Services Try To Track “Buzz”

Brandimensions, TV*BuzzMetrics and others monitor viewer chatter on the Interne

Nielsen may say that CSI was the most-viewed show during sweeps, but My Name Is Earl can claim the most Internet “buzz.”

According to a midseason report by Canada-based Brandimensions, which bills itself as “a market-intelligence and brand-protection-solutions” company, Earl commanded an 11.7% share of Web audience discussion and a 4.41 score on a five-point sentiment scale this fall.

A new breed of ratings services is pitching the networks to subscribe to reports using their buzz-tracking technology, offering data they say measures viewer engagement and chatter just as it bubbles to the surface. Like Brandimensions, TV*BuzzMetrics from BuzzMetrics, which is owned by Nielsen parent VNU, tracks Internet talk about TV.

But the emergence of these services raises a central question: Can anyone really track something as elusive as buzz, which can just as easily occur at the watercooler as on the Internet?

Brandimensions, which based its findings on Internet comments recorded between September and November, says its robots, crawlers and spiders traverse 20 billion Web links to fan sites, blogs and chat rooms in a 30-day cycle to determine buzz rankings for TV programs. The service “gives us a unique measure of viral energy,” says CEO Bradley Silver.

Some in the industry question that a program's buzz can be determined from findings on the Internet, whose message boards can be manipulated by influential chatter by shows' fans or even by stealth messages from the networks themselves.

NBC, for one, used a Yahoo! buzz-tracking service before the 2002 Olympics to determine the best time to begin promoting the games but has seen distortions in the trial research from the newer companies. Fox has declined their pitches, says a network spokesperson.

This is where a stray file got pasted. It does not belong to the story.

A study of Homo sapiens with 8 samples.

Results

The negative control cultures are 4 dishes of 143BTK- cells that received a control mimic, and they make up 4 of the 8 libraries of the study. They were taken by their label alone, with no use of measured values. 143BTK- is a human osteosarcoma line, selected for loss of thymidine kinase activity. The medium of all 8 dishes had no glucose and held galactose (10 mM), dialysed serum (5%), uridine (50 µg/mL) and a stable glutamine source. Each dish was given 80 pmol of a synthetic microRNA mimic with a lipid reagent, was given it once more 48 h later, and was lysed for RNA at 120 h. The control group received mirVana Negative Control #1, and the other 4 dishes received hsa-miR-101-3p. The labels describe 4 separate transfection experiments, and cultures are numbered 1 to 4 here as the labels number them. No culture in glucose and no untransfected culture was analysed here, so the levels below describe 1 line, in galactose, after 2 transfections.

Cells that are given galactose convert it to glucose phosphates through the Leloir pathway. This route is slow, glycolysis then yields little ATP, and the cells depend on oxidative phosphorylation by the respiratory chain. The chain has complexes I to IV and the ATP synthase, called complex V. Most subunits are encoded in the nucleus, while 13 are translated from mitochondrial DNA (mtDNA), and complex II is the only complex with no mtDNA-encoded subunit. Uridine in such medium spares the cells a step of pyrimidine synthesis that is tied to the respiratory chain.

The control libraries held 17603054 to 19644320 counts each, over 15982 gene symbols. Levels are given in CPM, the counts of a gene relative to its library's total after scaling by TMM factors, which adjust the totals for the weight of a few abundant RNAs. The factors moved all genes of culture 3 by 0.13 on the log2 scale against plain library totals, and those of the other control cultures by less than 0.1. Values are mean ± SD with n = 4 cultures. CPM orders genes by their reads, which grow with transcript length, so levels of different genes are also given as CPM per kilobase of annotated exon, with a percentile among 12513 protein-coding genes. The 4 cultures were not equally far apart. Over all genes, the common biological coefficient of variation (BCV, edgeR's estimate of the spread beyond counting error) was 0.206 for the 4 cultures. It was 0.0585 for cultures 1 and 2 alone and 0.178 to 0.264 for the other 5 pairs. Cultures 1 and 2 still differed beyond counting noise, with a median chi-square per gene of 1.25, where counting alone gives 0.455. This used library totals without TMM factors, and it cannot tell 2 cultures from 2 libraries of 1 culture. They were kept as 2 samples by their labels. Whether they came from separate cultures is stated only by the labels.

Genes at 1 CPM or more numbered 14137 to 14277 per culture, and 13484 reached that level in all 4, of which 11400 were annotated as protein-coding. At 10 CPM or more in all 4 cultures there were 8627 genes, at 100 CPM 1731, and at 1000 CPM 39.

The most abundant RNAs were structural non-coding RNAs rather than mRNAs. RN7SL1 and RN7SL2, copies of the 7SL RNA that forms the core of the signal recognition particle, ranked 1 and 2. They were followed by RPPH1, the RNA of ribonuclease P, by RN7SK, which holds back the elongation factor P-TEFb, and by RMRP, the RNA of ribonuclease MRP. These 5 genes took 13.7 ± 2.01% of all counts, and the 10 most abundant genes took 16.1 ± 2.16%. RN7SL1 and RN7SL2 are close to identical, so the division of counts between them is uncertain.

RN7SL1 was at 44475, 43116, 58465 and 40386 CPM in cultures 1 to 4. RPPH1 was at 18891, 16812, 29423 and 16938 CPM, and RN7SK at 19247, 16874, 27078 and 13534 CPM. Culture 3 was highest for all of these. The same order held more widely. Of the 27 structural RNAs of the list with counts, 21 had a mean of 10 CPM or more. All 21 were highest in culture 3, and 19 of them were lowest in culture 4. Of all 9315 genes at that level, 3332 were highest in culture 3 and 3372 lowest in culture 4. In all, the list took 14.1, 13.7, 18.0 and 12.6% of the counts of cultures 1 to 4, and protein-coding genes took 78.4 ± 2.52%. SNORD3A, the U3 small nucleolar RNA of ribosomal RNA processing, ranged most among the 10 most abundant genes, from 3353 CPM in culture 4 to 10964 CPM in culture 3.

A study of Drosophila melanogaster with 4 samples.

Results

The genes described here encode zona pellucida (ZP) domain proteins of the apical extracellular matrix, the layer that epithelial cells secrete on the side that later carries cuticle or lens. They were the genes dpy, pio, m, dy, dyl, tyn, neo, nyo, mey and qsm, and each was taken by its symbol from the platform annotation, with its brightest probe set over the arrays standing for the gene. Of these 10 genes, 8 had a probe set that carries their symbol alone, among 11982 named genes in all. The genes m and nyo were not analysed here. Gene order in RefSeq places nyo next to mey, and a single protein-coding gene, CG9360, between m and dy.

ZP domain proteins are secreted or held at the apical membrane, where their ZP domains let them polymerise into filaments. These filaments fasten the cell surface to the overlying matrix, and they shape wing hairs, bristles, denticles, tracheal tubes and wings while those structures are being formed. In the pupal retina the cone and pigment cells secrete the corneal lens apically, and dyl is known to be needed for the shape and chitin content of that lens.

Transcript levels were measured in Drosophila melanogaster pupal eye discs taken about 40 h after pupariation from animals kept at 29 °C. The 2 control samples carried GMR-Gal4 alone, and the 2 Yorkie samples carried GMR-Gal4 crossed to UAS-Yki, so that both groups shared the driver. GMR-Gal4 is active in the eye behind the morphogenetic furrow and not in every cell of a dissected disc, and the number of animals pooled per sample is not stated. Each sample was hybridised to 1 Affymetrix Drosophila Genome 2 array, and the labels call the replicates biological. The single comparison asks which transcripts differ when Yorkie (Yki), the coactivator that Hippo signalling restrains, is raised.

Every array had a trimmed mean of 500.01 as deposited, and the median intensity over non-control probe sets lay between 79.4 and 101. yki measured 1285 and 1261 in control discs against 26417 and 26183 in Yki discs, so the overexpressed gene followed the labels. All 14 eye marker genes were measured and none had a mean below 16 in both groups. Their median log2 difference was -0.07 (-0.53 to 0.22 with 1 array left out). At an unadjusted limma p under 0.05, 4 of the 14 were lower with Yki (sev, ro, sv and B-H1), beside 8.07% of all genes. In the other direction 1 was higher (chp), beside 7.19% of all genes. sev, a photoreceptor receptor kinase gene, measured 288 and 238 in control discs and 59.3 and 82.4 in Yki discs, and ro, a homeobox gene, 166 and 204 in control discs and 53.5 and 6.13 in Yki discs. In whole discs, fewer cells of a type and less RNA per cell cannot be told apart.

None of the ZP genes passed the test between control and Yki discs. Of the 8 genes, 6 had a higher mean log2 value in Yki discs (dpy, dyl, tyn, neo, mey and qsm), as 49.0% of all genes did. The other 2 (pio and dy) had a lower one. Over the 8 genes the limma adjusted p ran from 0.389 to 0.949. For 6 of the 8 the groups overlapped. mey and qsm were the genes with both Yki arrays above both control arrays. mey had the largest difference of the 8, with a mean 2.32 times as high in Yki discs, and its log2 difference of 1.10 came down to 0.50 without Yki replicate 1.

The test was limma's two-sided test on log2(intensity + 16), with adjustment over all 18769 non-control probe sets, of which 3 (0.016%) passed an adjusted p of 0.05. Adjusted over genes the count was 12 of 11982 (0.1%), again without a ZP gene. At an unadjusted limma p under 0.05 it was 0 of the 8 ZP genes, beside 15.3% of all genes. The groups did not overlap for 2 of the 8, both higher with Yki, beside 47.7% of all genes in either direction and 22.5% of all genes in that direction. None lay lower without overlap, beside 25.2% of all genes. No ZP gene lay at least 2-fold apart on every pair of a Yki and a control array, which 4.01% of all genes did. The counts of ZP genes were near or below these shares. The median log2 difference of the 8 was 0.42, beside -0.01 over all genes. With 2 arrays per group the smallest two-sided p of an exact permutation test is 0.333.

“As this has become more public,” says Alan Wurtzel, NBC Universal president, research and media development, “we're becoming increasingly skeptical about the accuracy because people have started to game it.”

TV networks have long tried to quantify viewers' early engagement with shows through research other than the size estimates offered by Nielsen. Finding out which characters or storylines charm viewers can help a network determine a show's best time slot or direct its plot or marketing materials.

Brandimensions' research helped ABC decide to tone down the political slant of its marketing for Commander in Chief when it indicated that viewers perceived the show to be a political drama like The West Wing, says ABC Senior VP of Marketing Mike Benson.

“One of the things that makes programs successful is when they become part of the social and cultural fabric—when people not only watch them but talk about them and the characters and become involved,” says David Poltrack, executive VP of research and planning for CBS and UPN, who also advises BuzzMetrics. CBS is weighing syndicated services from BuzzMetrics and Brandimensions after using their buzz-monitoring to target marketing.

“What has traditionally been word of mouth has migrated to the Internet, where you can now capture it,” says Poltrack. “These firms are able to capture what people are talking about.”

The services, whose research has been used in the consumer-products and pharmaceuticals industries, aggregate the fan feedback, using computerized language filters to separate the positive from the negative and even to ascertain the posters' gender, age and region.

Media-services company Initiative Media, which has an enterprise deal with TV*BuzzMetrics, uses the service to help direct advertisers' product integration—for example, to tell a lingerie maker which character on Desperate Housewives gets the most Internet chatter from males, says Stacey Lynn Koerner, Initiative executive VP/director of global research integration.

The services say they can root out anyone trying to game the system.

Brandimensions says it stands out from its competition because it filters Web postings through a team of 400 individuals—college students, retirees and stay-at-home parents—who pick up colloquialisms that computers miss.

Still, says CBS' Poltrack, “this is never going to be scientific. It's always going to be anecdotal. This is not a pristine product.”